A small bright object that divided into three parts was probably a weather balloon.
A meteorologist had stepped outdoors about 8:00 a.m. EST to make an observation when he noticed a small bright object high in the sky. He and two other witnesses observed that object through binoculars and with the unaided eye. The object was observed five minutes against clear sky, and then approximately seven minutes through thin cirrus clouds.
The object split into apparently three pieces when it was directly overhead. These three objects were observed for a short period; then two of them disappeared. The object had moved through an arc of 30° in about 12 min.
During the sighting, the High Altitude Control at an ARTC center indicated that they could not detect the UFO on radar.
A radiosonde balloon had been launched by the U. S. Weather Bureau 45 mi. west of the sighting at 6:25 a.m. EST. The balloon persisted until 7:59, when it was at an altitude of 30,600 m. and a slant range of 85,100 m. east. The horizontal range of the balloon was about 45 mi. The winds aloft at 80,000 and 90,000 ft. were from the east and inconsistent with the reported direction of motion. The winds at lower altitude were generally from the west, and therefore consistent with the eastward drift of the balloon.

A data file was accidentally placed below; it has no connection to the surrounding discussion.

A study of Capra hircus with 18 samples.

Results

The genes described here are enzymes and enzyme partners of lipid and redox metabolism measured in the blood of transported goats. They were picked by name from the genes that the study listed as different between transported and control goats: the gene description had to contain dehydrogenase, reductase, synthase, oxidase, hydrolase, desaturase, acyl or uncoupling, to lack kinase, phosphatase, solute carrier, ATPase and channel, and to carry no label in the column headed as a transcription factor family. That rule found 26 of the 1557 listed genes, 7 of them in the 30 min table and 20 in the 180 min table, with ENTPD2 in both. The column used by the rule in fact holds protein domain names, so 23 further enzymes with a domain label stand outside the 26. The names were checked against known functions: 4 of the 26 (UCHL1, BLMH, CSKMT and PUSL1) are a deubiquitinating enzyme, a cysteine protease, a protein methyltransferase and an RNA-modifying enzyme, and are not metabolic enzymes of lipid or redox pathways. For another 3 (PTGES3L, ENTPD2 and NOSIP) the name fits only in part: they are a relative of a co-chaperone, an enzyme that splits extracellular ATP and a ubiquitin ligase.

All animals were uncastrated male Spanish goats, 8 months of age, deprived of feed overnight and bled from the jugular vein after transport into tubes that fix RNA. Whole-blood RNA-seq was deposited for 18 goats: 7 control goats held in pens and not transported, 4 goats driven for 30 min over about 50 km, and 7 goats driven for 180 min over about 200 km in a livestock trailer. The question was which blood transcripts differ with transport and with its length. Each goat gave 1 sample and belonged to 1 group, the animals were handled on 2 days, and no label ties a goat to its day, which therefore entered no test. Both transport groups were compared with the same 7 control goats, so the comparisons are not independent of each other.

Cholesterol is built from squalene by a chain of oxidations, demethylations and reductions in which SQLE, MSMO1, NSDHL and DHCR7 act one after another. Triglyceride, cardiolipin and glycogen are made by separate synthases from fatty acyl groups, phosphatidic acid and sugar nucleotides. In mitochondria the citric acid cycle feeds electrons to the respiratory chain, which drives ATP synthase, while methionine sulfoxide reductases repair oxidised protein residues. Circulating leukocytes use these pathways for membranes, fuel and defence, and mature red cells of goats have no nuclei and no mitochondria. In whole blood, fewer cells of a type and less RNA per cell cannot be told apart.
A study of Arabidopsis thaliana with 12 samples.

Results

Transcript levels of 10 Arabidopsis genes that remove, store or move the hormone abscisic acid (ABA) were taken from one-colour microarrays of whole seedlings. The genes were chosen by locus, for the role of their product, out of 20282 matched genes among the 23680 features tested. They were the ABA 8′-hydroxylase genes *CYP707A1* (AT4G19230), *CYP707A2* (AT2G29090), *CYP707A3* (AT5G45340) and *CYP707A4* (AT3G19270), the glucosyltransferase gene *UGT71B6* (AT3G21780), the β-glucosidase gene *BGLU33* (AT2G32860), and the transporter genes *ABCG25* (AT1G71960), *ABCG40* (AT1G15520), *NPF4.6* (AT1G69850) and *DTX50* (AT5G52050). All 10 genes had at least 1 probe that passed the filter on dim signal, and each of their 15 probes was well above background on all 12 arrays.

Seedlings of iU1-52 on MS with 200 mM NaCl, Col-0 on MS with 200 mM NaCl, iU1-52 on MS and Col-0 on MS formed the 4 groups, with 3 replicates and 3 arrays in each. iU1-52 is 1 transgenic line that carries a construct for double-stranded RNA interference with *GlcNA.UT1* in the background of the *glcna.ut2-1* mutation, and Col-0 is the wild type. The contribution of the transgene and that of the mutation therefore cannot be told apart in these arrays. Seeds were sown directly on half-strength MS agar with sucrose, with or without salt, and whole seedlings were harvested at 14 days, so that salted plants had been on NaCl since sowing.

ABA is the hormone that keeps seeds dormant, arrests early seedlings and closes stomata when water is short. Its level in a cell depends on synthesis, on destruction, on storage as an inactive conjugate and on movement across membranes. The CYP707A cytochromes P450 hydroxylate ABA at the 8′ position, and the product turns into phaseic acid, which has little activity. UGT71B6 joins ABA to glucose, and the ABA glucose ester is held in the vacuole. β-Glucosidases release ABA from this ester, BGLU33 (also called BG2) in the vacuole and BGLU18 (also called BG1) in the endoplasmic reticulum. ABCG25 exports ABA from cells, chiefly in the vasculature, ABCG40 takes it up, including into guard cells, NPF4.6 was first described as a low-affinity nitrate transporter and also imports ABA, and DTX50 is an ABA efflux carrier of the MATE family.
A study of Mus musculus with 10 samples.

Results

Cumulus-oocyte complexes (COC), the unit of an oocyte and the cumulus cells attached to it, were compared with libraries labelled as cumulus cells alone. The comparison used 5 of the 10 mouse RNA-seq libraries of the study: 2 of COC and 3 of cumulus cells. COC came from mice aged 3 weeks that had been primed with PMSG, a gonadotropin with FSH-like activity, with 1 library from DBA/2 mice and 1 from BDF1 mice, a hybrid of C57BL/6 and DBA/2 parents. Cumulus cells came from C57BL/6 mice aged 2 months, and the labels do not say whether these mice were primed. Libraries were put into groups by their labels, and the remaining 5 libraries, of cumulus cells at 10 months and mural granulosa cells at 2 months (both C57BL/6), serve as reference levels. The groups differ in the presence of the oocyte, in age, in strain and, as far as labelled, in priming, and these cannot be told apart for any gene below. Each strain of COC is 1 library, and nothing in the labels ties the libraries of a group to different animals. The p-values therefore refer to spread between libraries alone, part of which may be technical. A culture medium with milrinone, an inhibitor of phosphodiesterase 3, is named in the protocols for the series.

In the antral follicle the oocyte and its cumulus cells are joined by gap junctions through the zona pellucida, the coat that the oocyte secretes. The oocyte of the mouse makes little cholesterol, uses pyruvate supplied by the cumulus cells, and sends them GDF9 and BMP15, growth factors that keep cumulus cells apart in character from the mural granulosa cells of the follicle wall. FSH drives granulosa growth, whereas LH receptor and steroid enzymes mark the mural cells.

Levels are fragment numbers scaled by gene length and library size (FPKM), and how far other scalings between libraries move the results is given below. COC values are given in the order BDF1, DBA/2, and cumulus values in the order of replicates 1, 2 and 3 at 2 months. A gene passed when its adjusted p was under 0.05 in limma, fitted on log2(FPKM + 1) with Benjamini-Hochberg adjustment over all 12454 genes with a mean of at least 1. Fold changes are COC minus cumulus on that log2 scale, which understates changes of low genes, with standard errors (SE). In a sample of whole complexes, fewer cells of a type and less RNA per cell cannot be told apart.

If the observed object was at an altitude of 100,000 ft. the observed angular displacement of 30° in 12 mm. implies a speed of
about 20 mph. This is comparable with the reported wind speeds at similar altitudes: 80,000 ft., 20 knots; 90,000 ft., 8 knots; 100,000 ft., 6 knots.
The Weather Bureau stated that when such a balloon bursts, it splits into several parts which quickly disappear; then a parachute is deployed. This action fits the appearance of the UFO. The coincidence in time and location suggests that the witness had observed the balloon.